Ceylonite is dingy blue or grey with black varieties of spinel. It is a dark-colored spinel, called also pleonaste. It was named after the island of Ceylon. It is a ferroan Spinel with a ratio Mg : Fe from 3:1 and 1:1, and little or no ferric iron. It is magnesium spinel containing traces of iron, which gives it a dark green to black color.
The ceylonite first discovered on the island of Ceylon, modern day Sri Lanka, was found embedded in the calcareous spar and accompanied by pyrite and micas.
- Category: Oxide minerals (Spinel group)
- Formula: (Mg, Fe)Al2O4
- Crystal system: Isometric
Ceylonite, named for the island of Ceylon, is a ferroan spinel with Mg : Fe from 3:1 and 1:1, and little or no ferric iron. The crystals were located in a low lying dried up the river, and were relatively shallow in the soil; 8 to 10 inches. On one side of the bank, a mass of gneiss was exposed, on the other, a graphic granite vein.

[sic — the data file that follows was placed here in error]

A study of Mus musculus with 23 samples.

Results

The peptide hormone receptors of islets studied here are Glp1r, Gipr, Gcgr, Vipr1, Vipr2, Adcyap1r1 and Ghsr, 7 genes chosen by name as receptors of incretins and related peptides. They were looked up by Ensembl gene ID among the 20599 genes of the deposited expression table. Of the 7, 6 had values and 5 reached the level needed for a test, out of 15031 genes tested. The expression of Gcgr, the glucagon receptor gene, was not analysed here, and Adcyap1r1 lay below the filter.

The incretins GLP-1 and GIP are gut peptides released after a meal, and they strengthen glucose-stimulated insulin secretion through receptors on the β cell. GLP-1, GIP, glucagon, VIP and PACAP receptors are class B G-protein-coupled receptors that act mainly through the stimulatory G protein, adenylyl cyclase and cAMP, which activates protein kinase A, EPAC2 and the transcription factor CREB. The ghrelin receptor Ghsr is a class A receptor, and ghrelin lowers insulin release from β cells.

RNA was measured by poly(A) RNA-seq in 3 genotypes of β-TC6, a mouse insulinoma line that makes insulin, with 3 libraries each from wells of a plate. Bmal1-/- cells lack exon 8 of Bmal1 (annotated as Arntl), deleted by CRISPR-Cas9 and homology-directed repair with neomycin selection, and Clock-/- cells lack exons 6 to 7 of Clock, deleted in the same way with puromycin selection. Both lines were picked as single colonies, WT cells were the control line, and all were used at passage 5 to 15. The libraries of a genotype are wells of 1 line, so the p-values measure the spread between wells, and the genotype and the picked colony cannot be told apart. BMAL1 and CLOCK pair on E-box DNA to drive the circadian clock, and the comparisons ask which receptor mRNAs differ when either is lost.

- Color: Various; red to blue to mauve, dark green, brown, black
- Crystal habit: Cubic, octahedral
- Cleavage: Indistinct
- Fracture: Conchoidal, uneven
- Mohs scale hardness: 7.5–8.0
- Luster: Vitreous
- Streak: White
- Diaphaneity: Transparent to translucent
- Specific gravity: 3.6–3.9
- Optical properties: Isotropic
The grains in the first discovered ceylonite looked of compacted soils, leading one to believe they were perhaps sedimentary in formation. This was an early hypothesis and did not hold true after further analysis.
The Mg-ceylonite has a much more reliable study of its geological occurrence. It is found in Mg and Al rich igneous rocks, as well as, metamorphic rock. Like many rocks and mineral, ceylonite is weathered and can be found in sedimentary rocks.